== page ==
In February last year, Qatar Airways announced intentions to purchase a 49% stake in Rwanda’s national carrier, RwandAir. Speaking with Simple Flying last week, the airline’s CEO, Akbar Al Baker, outlined the importance of his partnership with the central African carrier and the proposed takeover.
Qatar Airways has multiple partnerships with airlines around the world. This means that if the Middle Eastern giant doesn’t serve an area, it likely offers a connection with somebody who does. One area of keen interest to the airline is the continent of Africa, with Al Baker calling it the most unserved continent.
The RwandAir partnership
The prospect of a Qatar Airways RwandAir partnership is nothing new. Simple Flying first revealed that Qatar Airways had an interest in the airline back in February 2020. Since then, a deal on the takeover has been slowly brewing. In late March, ch-aviation.com reported that talks on the exchange had reached the final stages.
Qatar Airways Group CEO, Akbar Al Baker, touched on this recently while speaking exclusively to Simple Flying. Al Baker said,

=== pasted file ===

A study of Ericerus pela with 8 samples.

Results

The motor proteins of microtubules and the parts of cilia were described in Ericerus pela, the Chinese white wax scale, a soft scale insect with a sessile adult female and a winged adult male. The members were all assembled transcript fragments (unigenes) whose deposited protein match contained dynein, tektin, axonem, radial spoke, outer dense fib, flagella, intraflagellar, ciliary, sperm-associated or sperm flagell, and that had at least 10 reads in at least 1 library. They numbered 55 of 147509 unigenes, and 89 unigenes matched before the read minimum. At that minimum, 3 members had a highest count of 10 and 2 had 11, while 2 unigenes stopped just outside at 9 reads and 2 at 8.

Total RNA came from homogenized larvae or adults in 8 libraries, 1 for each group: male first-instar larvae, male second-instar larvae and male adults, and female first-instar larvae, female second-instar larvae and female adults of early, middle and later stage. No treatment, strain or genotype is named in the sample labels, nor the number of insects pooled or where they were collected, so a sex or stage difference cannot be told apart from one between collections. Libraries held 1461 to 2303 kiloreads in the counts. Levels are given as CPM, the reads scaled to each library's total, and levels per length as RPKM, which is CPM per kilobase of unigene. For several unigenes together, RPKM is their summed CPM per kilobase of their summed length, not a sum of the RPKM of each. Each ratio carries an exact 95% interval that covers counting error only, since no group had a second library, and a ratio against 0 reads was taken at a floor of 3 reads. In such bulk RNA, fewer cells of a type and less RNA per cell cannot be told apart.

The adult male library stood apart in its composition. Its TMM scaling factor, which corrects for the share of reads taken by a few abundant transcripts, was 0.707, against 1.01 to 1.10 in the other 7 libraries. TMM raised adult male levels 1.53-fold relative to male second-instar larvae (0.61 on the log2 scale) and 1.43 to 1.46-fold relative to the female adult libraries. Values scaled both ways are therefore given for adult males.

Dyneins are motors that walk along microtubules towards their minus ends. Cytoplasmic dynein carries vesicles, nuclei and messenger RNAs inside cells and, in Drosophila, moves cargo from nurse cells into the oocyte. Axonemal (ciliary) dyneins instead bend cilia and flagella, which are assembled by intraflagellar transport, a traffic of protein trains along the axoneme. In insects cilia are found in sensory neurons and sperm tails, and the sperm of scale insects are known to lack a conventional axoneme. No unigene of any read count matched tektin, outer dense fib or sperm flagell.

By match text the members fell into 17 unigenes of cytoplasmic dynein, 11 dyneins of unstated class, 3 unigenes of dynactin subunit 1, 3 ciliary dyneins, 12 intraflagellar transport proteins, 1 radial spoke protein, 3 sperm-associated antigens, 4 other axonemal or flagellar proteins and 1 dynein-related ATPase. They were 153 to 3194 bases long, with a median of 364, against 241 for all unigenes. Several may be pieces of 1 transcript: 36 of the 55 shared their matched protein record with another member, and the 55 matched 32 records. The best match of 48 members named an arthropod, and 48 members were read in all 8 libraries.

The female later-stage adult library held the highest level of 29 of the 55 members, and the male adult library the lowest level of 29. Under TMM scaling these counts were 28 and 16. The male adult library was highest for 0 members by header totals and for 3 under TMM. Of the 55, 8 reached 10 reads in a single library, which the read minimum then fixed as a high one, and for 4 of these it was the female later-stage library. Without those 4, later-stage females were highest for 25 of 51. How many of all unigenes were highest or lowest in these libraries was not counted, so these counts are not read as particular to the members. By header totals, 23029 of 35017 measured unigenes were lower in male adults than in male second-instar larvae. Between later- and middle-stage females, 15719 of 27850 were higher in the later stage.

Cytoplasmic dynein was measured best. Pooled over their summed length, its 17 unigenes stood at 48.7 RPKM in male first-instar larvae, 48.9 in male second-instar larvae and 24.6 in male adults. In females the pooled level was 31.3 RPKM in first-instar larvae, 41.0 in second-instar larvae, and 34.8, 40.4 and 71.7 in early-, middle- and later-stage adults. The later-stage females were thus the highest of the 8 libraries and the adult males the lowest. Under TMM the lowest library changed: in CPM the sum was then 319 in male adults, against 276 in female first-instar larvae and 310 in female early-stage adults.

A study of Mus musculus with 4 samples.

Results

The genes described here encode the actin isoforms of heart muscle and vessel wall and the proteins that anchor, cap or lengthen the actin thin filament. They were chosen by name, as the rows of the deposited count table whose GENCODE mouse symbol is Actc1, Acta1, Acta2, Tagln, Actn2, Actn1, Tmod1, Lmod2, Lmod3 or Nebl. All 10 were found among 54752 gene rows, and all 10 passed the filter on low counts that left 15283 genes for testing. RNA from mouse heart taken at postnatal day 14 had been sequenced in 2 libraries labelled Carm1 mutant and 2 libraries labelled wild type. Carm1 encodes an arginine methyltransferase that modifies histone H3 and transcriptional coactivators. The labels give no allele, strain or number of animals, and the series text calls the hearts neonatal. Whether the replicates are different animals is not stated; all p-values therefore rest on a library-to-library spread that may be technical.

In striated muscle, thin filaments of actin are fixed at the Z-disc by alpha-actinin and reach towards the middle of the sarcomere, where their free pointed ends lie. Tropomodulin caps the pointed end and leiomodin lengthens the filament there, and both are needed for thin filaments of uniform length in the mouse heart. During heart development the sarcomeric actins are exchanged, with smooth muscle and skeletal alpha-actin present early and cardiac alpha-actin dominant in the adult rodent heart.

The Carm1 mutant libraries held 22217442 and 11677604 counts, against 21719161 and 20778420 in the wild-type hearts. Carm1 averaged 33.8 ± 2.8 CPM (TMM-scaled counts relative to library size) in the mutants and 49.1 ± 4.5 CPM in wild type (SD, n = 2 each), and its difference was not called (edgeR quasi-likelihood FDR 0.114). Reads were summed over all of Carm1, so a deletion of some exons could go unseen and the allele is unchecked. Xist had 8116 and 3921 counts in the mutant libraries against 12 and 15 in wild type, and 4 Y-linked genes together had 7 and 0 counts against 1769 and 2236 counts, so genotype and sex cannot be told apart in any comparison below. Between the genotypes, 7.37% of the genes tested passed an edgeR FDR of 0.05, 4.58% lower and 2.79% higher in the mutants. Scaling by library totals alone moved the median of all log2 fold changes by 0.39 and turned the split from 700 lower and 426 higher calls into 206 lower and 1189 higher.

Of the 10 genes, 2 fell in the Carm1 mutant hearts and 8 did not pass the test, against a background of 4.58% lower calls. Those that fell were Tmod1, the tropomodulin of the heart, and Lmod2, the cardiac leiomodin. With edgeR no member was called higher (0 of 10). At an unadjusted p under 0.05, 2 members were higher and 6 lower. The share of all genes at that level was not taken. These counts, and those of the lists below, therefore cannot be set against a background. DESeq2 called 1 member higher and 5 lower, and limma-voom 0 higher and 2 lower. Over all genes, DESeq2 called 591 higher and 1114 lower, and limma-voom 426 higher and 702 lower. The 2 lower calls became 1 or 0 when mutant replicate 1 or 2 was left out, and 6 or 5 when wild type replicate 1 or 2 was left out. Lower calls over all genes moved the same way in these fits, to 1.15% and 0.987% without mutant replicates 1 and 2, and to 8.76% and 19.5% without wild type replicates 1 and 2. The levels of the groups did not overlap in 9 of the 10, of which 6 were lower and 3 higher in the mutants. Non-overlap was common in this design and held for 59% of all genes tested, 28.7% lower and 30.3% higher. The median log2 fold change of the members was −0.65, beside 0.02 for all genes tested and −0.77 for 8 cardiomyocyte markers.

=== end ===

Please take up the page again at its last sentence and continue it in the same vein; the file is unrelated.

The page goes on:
“Africa is the most unserved continent, and the airlines that are serving them are taking the passengers to the cleaners. My job is to provide them a world-class airport and partner with RwandAir to give them the kind of service we provide in Qatar Airways.”
It’s not just the airline that Qatar Airways is interested in. The Doha giant is actively involved in the construction of the Bugesera Airport around 25 kilometers (15.5 miles) from the Rwandan capital, Kigali.
According to previous reporting from ch-aviation.com, Qatar Airways signed a deal with the Rwandan government for 60% of the airport, valued at $780 million at the time. The deal includes three separate agreements concerning,
- Building the airport
- Owning the airport
- Operating the airport
Across a fleet of ten active and two inactive aircraft, the airline has a capacity of 1,658 seats. RwandAir owns seven of its 12 jets,
- 1x Airbus A330-200
- 1x Airbus A330-300
- 2x Boeing 737-800
- 2x CRJ900ER
- 1x Dash 8 Q400
The remaining five are leased from AerCap (1x 737-700), ALC (2x Boeing 737-800), Dara Aviation (1x Boeing 737-700), and Montrose Global (1x Dash 8 Q400).
The airline did have commitments for two new Boeing 737 MAX aircraft alongside two new A330neo jets. These were due to be delivered from leasing companies. In September, it was revealed that the airline would not be taking these jets, instead looking to lease equivalent jets from its Qatar Airways partnership. Qatar had been using a similar approach with its partner Air Italy before it ceased flights.
What do you expect to see from the Qatar Airways x RwandAir partnership? Let us know what you think and why in the comments below!